The Military's New Pet Transportation Policy: What It Means to You

Two airmen carry a heavy dog crate between them.
U.S. Air Force Staff Sgt. Corey Klucker (right) and Senior Airman Jeff Cannella, 721st Aerial Port Squadron passenger service specialists, carry a dog to a commercial aircraft outside the Ramstein Passenger Terminal at Ramstein Air Base, Germany, May 29, 2020. Pets and kennels weighing in excess of 150 pounds are not accepted for travel.

The military's pet transportation allowance became effective Jan. 1, 2024. Originally authorized in 2022 as part of the 2023 National Defense Authorization Act, the Defense Department delayed implementation until this year due to budget constraints. But now it has happened!  

What does this mean for you as a pet owner?  

It means that you'll be reimbursed for some of the costs of moving one dog or cat when you move on permanent change of station, or PCS, orders.  

This is going to be a big deal for pet owners, especially when moving overseas. Our family moved, with pets, from Hawaii to Australia to the U.S. to Italy to England and then back again.

That's six moves that qualify as OCONUS, or outside the continental United States. Over the course of those moves, we spent well over $10,000 on the costs of moving our pets.  

These costs can be a significant financial burden on our military families.

What Orders Qualify for the Pet Transportation Allowance?

PCS orders are eligible for the pet transportation allowance.  

The effective date of the orders must be Jan. 1, 2024, or later to be eligible for the reimbursement. This is not the date that the orders were written! Generally speaking, the effective date is the date that the service member is required to report to their new duty station, minus the number of authorized travel days plus one day. Confused? See this example sheet.

How Much Can You Be Reimbursed?

Reimbursement is for actual authorized expenses, up to a maximum. For moves within the continental United States (CONUS), the maximum reimbursement is $550. For moves OCONUS, the maximum reimbursement is $2,000.  

This allowance applies only to one dog or cat per service member. If you have multiple pets, you can choose which pet's expenses to claim. You cannot combine costs for multiple pets, even if the total amount is less than the maximum reimbursement.  

Dual military families are authorized reimbursement for one pet per PCS orders.

What Expenses Are Reimbursable?

Some expenses are reimbursable, regardless of whether the move is CONUS or OCONUS. Other reimbursable expenses are only for OCONUS moves.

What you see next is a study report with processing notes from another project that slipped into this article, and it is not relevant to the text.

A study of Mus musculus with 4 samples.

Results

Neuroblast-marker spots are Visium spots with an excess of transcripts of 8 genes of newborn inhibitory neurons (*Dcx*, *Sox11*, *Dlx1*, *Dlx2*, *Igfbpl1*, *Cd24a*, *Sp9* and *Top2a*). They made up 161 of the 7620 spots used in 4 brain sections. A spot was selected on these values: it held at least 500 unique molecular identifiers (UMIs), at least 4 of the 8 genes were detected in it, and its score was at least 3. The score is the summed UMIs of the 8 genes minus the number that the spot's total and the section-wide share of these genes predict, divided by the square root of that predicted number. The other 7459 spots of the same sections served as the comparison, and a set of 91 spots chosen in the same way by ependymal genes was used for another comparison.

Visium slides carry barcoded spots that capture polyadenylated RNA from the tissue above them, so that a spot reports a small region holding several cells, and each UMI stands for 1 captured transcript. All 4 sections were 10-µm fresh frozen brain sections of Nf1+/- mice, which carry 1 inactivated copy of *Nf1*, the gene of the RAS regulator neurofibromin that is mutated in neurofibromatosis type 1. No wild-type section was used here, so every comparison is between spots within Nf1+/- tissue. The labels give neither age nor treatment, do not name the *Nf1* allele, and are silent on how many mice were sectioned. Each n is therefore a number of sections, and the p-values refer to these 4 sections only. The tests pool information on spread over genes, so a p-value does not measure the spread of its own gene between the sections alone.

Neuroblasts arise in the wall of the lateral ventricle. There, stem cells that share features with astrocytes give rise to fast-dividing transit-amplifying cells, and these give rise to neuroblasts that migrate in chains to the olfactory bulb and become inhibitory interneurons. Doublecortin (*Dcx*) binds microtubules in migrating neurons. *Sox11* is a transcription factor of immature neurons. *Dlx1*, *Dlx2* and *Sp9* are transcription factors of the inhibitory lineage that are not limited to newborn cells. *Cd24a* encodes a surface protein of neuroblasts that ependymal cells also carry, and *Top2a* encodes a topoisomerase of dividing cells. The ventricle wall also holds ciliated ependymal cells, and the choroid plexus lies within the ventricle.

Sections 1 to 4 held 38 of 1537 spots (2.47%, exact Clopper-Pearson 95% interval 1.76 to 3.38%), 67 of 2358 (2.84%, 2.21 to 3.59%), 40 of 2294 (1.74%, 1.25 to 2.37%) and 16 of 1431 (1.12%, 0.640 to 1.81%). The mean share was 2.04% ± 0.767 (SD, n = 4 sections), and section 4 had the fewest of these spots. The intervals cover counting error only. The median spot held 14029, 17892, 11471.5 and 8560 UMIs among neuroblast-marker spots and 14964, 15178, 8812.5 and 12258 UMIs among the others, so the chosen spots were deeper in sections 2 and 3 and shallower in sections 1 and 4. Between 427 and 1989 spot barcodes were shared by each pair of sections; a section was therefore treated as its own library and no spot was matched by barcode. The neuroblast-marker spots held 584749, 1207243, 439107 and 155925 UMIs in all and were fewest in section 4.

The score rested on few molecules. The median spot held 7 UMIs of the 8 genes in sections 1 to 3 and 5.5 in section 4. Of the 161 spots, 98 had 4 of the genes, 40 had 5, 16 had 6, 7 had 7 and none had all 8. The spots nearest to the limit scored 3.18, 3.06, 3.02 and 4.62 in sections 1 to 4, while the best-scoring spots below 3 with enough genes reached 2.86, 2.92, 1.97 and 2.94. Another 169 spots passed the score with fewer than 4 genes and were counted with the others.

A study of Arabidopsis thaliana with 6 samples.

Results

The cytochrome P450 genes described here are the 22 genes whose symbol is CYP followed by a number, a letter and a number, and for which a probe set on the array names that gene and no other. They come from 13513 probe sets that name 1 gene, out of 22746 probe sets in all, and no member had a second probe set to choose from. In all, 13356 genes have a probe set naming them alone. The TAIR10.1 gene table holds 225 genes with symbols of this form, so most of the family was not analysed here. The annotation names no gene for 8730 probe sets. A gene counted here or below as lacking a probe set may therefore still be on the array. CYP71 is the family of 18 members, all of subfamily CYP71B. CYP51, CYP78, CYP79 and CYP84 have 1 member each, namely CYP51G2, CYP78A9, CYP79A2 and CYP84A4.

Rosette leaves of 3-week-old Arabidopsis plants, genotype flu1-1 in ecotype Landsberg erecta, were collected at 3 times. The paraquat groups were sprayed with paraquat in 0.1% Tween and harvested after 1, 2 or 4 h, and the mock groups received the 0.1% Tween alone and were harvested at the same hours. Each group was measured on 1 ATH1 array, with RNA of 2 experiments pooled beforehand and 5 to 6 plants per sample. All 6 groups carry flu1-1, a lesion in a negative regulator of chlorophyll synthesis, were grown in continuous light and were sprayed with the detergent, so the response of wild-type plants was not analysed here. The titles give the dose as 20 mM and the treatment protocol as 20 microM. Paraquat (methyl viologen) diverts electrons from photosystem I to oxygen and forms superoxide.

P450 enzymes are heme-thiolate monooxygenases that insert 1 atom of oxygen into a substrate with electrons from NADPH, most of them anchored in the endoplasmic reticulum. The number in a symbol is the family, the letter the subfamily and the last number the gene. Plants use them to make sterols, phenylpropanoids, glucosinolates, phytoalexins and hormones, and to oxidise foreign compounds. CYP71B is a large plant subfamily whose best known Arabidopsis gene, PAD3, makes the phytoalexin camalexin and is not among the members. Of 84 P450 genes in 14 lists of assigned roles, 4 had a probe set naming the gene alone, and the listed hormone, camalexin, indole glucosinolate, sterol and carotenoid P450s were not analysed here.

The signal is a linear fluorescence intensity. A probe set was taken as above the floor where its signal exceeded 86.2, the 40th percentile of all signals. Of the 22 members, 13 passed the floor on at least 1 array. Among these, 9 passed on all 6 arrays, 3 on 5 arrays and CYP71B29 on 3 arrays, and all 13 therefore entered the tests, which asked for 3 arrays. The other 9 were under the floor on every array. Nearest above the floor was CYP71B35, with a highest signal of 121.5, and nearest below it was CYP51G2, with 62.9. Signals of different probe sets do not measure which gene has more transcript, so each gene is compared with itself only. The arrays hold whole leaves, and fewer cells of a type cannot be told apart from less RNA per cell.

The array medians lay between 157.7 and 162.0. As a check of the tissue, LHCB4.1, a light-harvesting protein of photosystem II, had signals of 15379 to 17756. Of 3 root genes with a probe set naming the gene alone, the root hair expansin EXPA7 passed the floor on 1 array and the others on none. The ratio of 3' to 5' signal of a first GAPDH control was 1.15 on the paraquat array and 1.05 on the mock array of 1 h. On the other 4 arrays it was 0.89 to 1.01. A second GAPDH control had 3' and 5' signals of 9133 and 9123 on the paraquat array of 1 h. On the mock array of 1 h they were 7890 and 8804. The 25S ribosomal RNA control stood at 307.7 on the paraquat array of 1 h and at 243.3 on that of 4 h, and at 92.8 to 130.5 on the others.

These expenses are reimbursable for all moves, including CONUS and OCONUS:

  • mandatory microchipping
  • boarding fees
  • hotel service charges
  • licensing fees at the new permanent duty station
  • pet shipping fees if the member flies rather than drives, or the pet is shipped separately from the member

For OCONUS moves, reimbursement also includes:

All costs must be "reasonable and substantiated." This means that they must be in line with the typical costs of the same service, and you need to have documentation, such as receipts. Your branch of service may have additional paperwork requirements to be reimbursed.

Availability of Government Transportation for OCONUS Moves

There is an important requirement for OCONUS moves. From the Joint Travel Regulations: "For transoceanic travel, use of Government or Government-procured transportation must be used if available or reimbursement for transportation costs is not authorized." Note the key phrase: "if available."  

This means that you may be reimbursed for non-government travel if you get a non-availability statement from any available government travel, such as the Patriot Express. Non-availability statements should be requested from your transportation office.  

The total reimbursement amount remains the same, even if you cannot use government transportation. This means that some families will still pay significantly out of pocket to ship certain animals OCONUS.  

The complete rules are found in Chapter 5, Part A, Section 050107 of the Joint Travel Regulations.

This change is going to significantly reduce the financial burden of PCS moves for pet owners. I'm sure there will be some kinks to be worked out, but I'm excited that we've made it this far!